The Philippines said Monday that it had carried out a "special operation" to remove a floating barrier installed by the China Coast Guard at Scarborough Shoal—also known as Bajo de Masinloca—in the South China Sea.
The Philippine Coast Guard (PCG) said it took a "decisive action" to remove the 300-meter-long floating barrier upon the orders of President Ferdinand Marcos Jr.
The Philippine Coast Guard first discovered the barrier on Sept. 22.
PCG spokesperson Commodore Jay Tarriela said the barrier posed a hazard to navigation, which is a clear violation of international law, and deprived Filipino fishermen of their livelihood activities at the shoal.
"The 2016 Arbitral Award has affirmed that BDM [Bajo de Masinloc] is the traditional fishing ground of Filipino fishermen," Mr. Tarriela stated on X, formerly Twitter.
"Thus, any obstruction hindering the livelihoods of Filipino fisherfolk in the shoal violates international law. It also infringes on the Philippines' sovereignty over BDM," he added.
A video shared by Mr. Tarriela showed a diver cutting what seemed to be the barrier rope using a knife. In another video, PCG personnel are seen pulling the anchor of the floating barrier onto a motorboat.
This comes a day after the PCG condemned the installation of the barrier by the China Coast Guard and maritime militia. National Security Adviser Eduardo Ano said at the time the Philippines would take "all appropriate actions" to remove the barrier.
PCG and Fisheries Bureau personnel discovered the floating barrier during a routine maritime patrol on Sept. 22. Mr. Tarriela said they spotted three China Coast Guard rigid-hull inflatable boats and a maritime militia service boat installing the barrier at the shoal.
Filipino fishermen told the PCG that China Coast Guard ships typically install floating barriers when they monitor a large number of fishermen in the area.
Mr. Tarriela said there were over 50 Filipino fishing vessels operating near the shoal at the time.
The Chinese vessels issued 15 radio challenges to drive away the Fisheries Bureau and Filipino fishing vessels before moving away "upon realizing the presence of media personnel" onboard the Fisheries Bureau vessels.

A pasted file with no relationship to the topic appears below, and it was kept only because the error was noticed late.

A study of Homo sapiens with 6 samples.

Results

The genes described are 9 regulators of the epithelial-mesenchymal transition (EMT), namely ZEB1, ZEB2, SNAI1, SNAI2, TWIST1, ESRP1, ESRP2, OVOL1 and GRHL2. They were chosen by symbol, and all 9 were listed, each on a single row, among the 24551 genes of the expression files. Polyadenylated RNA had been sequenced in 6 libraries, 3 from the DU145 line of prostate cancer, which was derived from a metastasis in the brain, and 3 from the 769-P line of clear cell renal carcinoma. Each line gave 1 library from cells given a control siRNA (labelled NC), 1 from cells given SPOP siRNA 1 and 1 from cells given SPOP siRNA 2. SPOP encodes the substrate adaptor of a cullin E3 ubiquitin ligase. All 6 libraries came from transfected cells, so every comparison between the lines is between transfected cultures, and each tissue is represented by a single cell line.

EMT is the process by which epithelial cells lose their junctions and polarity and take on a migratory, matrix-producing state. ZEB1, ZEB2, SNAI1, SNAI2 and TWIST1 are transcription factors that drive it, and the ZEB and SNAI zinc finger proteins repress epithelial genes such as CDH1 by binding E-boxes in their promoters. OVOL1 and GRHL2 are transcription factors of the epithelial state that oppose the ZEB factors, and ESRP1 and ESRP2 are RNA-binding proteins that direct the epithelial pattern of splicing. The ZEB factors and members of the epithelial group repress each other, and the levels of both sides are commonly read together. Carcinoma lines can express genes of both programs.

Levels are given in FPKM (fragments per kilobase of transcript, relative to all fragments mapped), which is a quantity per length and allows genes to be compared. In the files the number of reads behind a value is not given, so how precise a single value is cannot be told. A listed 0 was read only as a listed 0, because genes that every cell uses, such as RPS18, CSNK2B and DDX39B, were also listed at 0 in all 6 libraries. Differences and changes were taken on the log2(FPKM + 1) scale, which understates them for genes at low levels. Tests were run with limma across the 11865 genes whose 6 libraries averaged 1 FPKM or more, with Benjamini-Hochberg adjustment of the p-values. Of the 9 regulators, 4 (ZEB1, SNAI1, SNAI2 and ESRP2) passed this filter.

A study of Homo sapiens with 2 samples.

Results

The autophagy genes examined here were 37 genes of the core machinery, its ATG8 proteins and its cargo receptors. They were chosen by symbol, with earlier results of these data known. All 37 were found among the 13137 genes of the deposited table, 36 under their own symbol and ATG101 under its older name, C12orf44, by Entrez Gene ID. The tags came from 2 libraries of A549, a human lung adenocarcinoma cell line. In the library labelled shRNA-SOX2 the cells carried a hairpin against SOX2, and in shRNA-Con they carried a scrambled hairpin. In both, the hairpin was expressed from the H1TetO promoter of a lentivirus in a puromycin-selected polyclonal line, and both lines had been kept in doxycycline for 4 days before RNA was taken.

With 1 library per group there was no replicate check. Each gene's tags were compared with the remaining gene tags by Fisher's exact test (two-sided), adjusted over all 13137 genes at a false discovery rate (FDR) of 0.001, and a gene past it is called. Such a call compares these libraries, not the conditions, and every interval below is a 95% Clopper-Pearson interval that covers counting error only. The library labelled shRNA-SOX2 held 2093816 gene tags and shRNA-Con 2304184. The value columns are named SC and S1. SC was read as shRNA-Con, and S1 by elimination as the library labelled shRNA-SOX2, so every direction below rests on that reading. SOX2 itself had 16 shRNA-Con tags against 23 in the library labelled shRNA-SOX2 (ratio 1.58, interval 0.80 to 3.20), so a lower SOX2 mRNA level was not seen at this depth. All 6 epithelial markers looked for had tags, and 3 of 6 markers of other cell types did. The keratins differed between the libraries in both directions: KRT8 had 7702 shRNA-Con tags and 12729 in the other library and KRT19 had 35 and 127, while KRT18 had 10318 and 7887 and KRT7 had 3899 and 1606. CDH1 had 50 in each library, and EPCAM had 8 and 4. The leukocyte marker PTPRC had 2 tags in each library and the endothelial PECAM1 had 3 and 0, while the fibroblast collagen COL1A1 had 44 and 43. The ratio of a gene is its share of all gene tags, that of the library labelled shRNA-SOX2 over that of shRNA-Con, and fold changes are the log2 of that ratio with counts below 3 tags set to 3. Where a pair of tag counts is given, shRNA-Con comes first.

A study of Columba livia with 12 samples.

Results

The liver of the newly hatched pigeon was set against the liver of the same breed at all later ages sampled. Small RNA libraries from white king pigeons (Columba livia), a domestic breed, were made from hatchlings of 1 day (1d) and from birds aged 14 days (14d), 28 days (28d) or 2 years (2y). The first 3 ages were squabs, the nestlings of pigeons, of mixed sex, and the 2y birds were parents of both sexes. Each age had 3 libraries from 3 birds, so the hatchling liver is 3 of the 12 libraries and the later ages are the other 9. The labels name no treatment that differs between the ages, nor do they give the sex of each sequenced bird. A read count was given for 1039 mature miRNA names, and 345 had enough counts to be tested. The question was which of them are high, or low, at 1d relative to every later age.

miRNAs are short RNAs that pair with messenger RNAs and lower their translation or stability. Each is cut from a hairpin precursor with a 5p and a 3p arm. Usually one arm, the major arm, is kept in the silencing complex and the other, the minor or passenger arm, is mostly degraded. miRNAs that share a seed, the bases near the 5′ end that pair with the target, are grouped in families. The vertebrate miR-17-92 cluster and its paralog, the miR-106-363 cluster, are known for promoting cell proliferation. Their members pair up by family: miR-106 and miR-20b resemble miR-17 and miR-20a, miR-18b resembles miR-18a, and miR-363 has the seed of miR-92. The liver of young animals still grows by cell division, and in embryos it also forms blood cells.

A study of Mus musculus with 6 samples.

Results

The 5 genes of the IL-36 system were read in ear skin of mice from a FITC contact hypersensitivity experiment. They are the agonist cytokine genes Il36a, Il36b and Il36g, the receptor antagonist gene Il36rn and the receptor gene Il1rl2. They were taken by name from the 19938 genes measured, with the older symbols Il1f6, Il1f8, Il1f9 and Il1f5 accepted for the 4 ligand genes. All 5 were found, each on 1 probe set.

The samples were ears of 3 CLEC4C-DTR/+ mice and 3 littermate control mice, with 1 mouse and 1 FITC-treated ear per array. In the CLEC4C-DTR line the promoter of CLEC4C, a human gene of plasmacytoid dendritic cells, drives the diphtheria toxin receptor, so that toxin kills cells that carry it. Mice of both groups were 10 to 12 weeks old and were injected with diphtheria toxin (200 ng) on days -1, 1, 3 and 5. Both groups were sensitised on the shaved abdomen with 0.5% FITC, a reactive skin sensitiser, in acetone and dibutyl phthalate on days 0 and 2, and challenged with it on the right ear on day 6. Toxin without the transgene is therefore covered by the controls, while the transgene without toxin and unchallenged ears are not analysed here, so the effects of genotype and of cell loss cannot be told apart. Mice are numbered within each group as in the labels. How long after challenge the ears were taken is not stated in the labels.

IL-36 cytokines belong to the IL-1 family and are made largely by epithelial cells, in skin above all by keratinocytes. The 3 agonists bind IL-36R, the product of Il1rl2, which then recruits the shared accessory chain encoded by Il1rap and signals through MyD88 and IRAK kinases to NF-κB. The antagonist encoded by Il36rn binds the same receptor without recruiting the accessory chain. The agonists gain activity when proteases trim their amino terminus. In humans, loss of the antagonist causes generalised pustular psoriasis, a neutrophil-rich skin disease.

Chinese Foreign Ministry spokesman Wang Wenbin later defended the China Coast Guard's actions as professional and restrained. He said, "China has indisputable sovereignty over the island and its adjacent waters and sovereign rights and jurisdiction over relevant waters."
Beijing's maritime claims violate international law, as reflected in the 1982 United Nations Convention on the Law of the Sea (UNCLOS), to which China is a signatory.
The UNCLOS designates maritime areas within 200 nautical miles of coastal nations' borders as part of their exclusive economic zone (EEZ), and Scarborough Shoal is located 124 nautical miles from the Philippines' Zambales province.
In 2016, the Hague Tribunal sided with the Philippines in its territorial disputes over the South China Sea and ruled that Beijing's claims lacked legal basis.
However, Beijing has refused to recognize the ruling.
Philippine President Marcos, who came into power last year, has vowed to uphold the Philippines' sovereign rights and assured Filipinos that his administration would not let the country "lose any of its territory."
Mr. Marcos has shifted from his predecessor Rodrigo Duterte's pro-Beijing stance and deepened ties with the United States, which he recognizes as the Philippines' sole treaty ally in the Indo-Pacific.
Under his leadership, the U.S. military has been granted increased access to Philippine military bases, and joint patrols in the South China Sea—which Manila refers to as the West Philippine Sea—were resumed.